Shakespeare's Sonnets Questions and Answers
by William Shakespeare




Both Dickinson and Shakespeare use natural imagery pertaining to the passage of the seasons to explore this theme. In Shakespeare's Sonnet 116, for example, he describes how winds "shake the darling buds of May" and "summer's lease hath all too short a date" to indicate that the seasons are brief, just as the youth and beauty of humans is brief. In Sonnet 12, he explores more fully the effect of time on the seasons, concluding that "sweets and beauties ... die as fast as they see others grow." Shakespeare's conclusion in this poem is that, because he has watched the effect of time on the seasons for so long—time represented as a metaphorical "clock" for him to view—he recognizes that there can be no "defence" against "Time's scythe." He personifies Time as a creature who will eventually cut us all down.

In Dickinson's "A Light exists in Spring," we see similar themes explored. The "it" she senses is personified just as Time is by Shakespeare, but it is much more mysterious—we know it is something beyond the reaches of "Science" but palpable to "human nature." As "it" passes, and we remain, we sense a certain "quality of loss" because of our awareness that something we are unable to control is moving with the seasons. Reflecting on nature for Dickinson, as for Shakespeare, results in a certain discontent with the human condition and an awareness of our own weakness and mortality.


The Carriage held but just Ourselves
And Immortality.

This seems the voice of a woman whose actual male interests have all proven disappointing to her. The same theme repeats in another poem:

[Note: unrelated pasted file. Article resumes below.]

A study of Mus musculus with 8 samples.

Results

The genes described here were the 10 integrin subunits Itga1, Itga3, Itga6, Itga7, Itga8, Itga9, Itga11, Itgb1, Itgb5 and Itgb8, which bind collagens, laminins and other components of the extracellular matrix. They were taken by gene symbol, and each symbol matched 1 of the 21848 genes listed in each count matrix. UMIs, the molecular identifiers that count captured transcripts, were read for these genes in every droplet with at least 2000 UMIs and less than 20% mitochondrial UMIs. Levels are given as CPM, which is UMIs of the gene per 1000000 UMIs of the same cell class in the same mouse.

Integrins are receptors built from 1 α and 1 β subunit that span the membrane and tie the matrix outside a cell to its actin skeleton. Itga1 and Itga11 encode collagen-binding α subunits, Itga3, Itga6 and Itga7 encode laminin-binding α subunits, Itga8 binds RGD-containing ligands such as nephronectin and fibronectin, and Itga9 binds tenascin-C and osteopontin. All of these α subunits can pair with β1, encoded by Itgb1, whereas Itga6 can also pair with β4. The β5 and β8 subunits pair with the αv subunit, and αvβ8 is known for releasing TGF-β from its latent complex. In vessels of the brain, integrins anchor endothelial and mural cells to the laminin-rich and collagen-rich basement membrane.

The Soul selects her own Society—
Then—shuts the door— ...

I've known her—from an ample nation—
Chose One—
Then—close the Valves of her attention—
Like Stone—

Though it's open to various interpretations, I would argue this is a reference perhaps to one man the speaker loved in the past and could not forget. The sense of loneliness and isolation are constant themes in Dickinson's verse:

I'm Nobody! Who are you?
Are you—nobody—too?

There is a wish for self-effacement, to hide from others—perhaps because of that unspoken past memory and its continuing effects upon her.

The situation in which Ophelia finds herself in Hamlet is not unlike this. Her relationship with Hamlet, once he has either gone out of his mind or has pretended to do so, has so shocked her that at first she cannot process what has happened:

And I, of ladies most deject and wretched,
That sucked the honey of his music vows,
Now see that noble and most sovereign reason
Like sweet bells jangled, out of tune and harsh ...
... oh, woe is me!
T' have seen what I have seen,
See what I see!

Dickinson probably never allows us to see this deeply into the minds of her speakers, and we cannot really know if any emotional shock like that which has happened to Ophelia even lies within her past or the imagined past of those poetic voices. When Ophelia has "lost her mind," she gives a veiled, or perhaps not so veiled, account of her history—or the history of someone else—as an emblem of a woman rejected and traumatized:

Tomorrow is Saint Valentine's Day,
All in the morning betime,
And I a maid at your window,
To be your Valentine.
Then up he rose and donned his clothes,
And dupped the chamber door,
Let in the maid that out a maid,
Never departed more.

Ophelia now herself has no suitor remaining except Death. The style of the verse here—which is a song—with its brief, abrupt lines, forms a pattern that almost seems a model for Dickinson's poetry, though since the lyrical form is so commonly used, from folk ballads forward, that any resemblance could be just coincidental. Also, if her poems really do allude to a sexual encounter, as Ophelia's does, Dickinson kept that secret buried deep in her heart.